More than 100 black mayors convened in the nation's capital yesterday, and though their first order of business - an appeal for federal funds - was not unpredictable, the cause they were backing was - the plight of the small town.

The mayors were attending the third annual meeting of the National Conference of Black Mayors, an organization born out of the dramatic increase in black elected officials that has followed the black political gains of the civil rights movement.

The mention of black mayors usually brings to mind those blacks who have been chosen to head large urban centers, like Coleman Young of Detroit, Thomas Bradley of Los Angeles, Maynard Jackson of Atlanta and Kenneth Gibson of Newark.

But most of the 161 black mayors are from small, often rural areas in the South - like Cotton Plant, Ark., Waterproof, La. and Mound Bayou, Miss. - and non-Southern, heavily black suburban areas - such as Centreville, Ill. and Urbancrest, Ohio.

Less than a dozen of the balck mayors preside over cities with populations of 100,000 or more, according to a survey complied by the black-oriented Joint Center for Political Studies here. More than half the black mayors represent towns that have population of 2,000 or less.

These were the mayors who came to Washington - which also has a black mayor - yesterday. "We're not satisfied with what's happened in the boondocks," said Prichard, Ala., Mayor A. J. Cooper, the organization's president. "We know that more has to be done."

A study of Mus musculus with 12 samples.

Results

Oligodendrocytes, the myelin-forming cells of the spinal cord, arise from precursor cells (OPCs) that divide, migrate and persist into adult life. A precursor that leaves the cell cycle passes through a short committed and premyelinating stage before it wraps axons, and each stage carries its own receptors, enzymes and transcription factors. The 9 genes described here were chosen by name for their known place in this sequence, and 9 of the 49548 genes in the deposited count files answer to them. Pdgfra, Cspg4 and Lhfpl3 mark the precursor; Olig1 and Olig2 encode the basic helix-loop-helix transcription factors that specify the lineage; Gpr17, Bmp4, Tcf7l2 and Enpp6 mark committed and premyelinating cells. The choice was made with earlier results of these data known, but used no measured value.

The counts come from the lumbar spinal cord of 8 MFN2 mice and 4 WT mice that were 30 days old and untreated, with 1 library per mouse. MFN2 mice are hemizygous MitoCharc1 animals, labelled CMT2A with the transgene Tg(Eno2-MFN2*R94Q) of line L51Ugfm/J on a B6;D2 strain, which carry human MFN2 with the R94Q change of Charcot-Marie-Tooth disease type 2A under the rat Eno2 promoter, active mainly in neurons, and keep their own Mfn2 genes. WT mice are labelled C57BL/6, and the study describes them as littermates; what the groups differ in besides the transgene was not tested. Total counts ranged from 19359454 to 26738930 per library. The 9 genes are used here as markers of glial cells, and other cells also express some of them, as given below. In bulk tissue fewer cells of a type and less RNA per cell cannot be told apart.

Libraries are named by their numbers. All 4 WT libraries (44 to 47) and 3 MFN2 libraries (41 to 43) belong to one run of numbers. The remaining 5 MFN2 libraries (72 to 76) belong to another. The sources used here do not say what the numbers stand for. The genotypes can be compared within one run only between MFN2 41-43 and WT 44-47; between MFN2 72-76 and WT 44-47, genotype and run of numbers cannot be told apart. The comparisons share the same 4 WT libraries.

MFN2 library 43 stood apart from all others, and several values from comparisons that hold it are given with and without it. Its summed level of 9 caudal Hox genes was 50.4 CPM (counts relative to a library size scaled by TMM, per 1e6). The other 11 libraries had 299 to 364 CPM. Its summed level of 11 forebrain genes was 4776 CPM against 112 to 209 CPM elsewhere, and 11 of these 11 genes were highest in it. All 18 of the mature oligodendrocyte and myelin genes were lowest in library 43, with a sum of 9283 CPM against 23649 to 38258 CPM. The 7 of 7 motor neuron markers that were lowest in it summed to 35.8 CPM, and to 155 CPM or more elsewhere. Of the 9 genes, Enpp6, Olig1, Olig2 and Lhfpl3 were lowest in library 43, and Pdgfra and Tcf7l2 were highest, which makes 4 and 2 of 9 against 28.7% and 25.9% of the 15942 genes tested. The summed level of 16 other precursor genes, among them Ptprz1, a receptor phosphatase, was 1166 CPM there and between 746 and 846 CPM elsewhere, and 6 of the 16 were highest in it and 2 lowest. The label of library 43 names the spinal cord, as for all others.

Many of the black mayors are new to the political process, Cooper said, and come from places where there is scant potential for increasing city revenues because there is little industry to tax and few places for people to work.

The only way the mayors can restore their often delapidated housing stocks, build new city halls - in some instances for the first time - and meet the continuing demand for city services is to turn to the federal government, Cooper said.

Washington is the place from which federal monies flow, and that was one reason why it was chosen as the conference site, Cooper said. But as the mayors spent the first day of the conference in introductory sessions and touring the city, it also became clear that this city of 702,000 also held a symbolic importance as a showpiece for black visibility in government.

The visitors were shown several large District of Columbia and metropolitan regional facilities, some of whose operations are supervised by blacks. After a visit to the city's 152-acre wastewater treatment complex at Blue Plains, which is under the supervision of D.C. Director of Environmental Services Herbert L. Tucker, a black, one mayor remarked. "It sure is nice to see something this big that's being run by a brother."

The three-day conference agenda also includes appearances by and awards to some of the most prominent blacks in the Carter administration.

Although the mayors have not passed any formal resolutions. Cooper said he expected organizational stances on a wide variety of issues before the meeting at the Sheraton Park Hotel concludes Saturday.

These include an "energy stamp" program for poor people, ratification fo the Panama Canal treaties, and trade embargoes against South Africa, and more public works programs, and more employment and federal aid programs that owuld assist small cities. Most of the present urban aid programs are weighted toward larger cities, Cooper said.